DAKAR (Reuters) - A persisting food crisis and rising HIV/AIDS infection rates in Africa form a deadly partnership that is destroying livelihoods and undermining economies in the world’s poorest continent, U.N. experts said Friday.
This combination could be accentuated by the global economic crisis, which may reduce donor aid for better nutrition and health care, pushing millions more Africans into a self-perpetuating cycle of poverty, disease and death.
“The (rise in) food prices at the beginning of the year and now the economic crisis, this is enormous ... the urgency to act now is so much bigger,” Martin Bloem, the U.N. World Food Program (WFP)’s Nutrition and HIV/AIDS Policy chief, said.
He and WFP Deputy Executive Director Sheila Sisulu said the double impact of increased malnutrition and diseases like HIV/AIDS and tuberculosis were all the more devastating in Africa, where poverty and food insecurity were widespread and AIDS was the largest single cause of premature death.
“What is coming down the pipe in terms of the financial crisis cannot be underestimated,” Sisulu said, speaking on the sidelines of an AIDS conference in Dakar, Senegal.
Poor rural and urban African families who were not getting enough nutrition in their diets, because of conflict disrupting their lives, natural disasters or high prices putting food beyond their budgets, were seeing their immune systems weaken.
This made them more vulnerable to HIV/AIDS and tuberculosis. The deaths from disease of family bread-winners or members of collective workforces were draining the economic lifeblood from individual households and whole economies, Bloem said.
He cited recent statistics showing “war-like” death rates among women aged between 15 and 45 years in South Africa, the regional economic powerhouse, which showed the need for integrated donor-backed health and nutrition strategies.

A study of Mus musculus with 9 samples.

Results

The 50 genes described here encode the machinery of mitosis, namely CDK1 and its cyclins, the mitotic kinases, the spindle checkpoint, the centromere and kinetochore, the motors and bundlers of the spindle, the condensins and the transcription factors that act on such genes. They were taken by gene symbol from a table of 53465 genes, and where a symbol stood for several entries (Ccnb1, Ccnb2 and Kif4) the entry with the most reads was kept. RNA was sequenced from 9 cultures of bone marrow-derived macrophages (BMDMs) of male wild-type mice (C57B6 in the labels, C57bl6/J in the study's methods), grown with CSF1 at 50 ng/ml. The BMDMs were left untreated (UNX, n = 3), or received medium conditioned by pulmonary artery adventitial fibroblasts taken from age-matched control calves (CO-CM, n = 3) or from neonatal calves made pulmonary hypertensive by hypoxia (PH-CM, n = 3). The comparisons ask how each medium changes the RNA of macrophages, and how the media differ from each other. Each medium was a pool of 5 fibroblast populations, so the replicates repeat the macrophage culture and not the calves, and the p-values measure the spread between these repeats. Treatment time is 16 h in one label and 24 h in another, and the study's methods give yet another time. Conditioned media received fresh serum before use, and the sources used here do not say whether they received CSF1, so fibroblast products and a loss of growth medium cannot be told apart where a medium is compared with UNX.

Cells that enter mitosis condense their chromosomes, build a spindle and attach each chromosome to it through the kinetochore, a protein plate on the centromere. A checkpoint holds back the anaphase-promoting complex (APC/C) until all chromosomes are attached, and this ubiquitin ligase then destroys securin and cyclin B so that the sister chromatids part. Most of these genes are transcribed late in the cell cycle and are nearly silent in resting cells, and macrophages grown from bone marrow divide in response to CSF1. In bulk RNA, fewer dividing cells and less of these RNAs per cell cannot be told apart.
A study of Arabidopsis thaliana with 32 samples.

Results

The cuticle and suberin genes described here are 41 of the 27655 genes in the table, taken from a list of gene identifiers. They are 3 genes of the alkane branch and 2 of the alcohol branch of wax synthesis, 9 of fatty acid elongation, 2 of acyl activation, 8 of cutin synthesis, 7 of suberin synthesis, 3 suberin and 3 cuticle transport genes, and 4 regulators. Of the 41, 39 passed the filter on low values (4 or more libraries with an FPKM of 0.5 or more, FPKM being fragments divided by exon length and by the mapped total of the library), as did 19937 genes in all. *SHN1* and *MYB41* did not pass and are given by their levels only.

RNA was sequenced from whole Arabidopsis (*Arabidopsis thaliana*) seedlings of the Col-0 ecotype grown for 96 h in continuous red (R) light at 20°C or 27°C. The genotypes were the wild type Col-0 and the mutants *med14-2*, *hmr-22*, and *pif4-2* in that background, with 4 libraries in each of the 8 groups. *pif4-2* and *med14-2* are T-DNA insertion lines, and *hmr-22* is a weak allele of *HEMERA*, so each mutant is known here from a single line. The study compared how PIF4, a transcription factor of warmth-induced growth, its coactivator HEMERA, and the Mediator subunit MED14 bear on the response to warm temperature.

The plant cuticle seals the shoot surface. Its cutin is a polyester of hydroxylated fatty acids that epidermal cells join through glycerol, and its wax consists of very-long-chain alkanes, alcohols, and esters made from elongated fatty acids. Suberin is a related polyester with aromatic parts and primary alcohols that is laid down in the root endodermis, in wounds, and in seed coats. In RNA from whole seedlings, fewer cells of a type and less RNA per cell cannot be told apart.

“You cannot disconnect what we are doing from the economy,” Bloem said. He and Sisulu added WFP’s voice to that of other humanitarian agencies which are pleading with governments of the world’s rich, developed states not to cut international aid allocations because of the global credit crunch.
U.N. agencies say that although international food prices have fallen sharply from highs reached earlier in the year, they are still well above the levels of two years ago and have driven millions more people into poverty who now require help.
“The number of people dependent on external resources will increase over the next few years, the economic crisis will diminish the amount of money that we will get, how can we cope with these incredible needs?” asked Bloem.
Sisulu said those countries which were hit at the same time by food insecurity, high levels of HIV/AIDS infection and situations of failing governance risked becoming flashpoints of social upheaval and humanitarian crisis.
She said this could be the case of Zimbabwe, where the embattled government of President Robert Mugabe, whom critics accuse of clinging to power, has appealed for world help to tackle chronic food shortages and a cholera epidemic.
“There you have a recipe for this kind of implosion, explosion or whatever you want to call it,” she said.
Bloem and Sisulu said initiatives to tackle Africa’s HIV/AIDS epidemic should not just focus on medical treatment alone but should also look to improve the already deficient nutritional intake of most poor African families.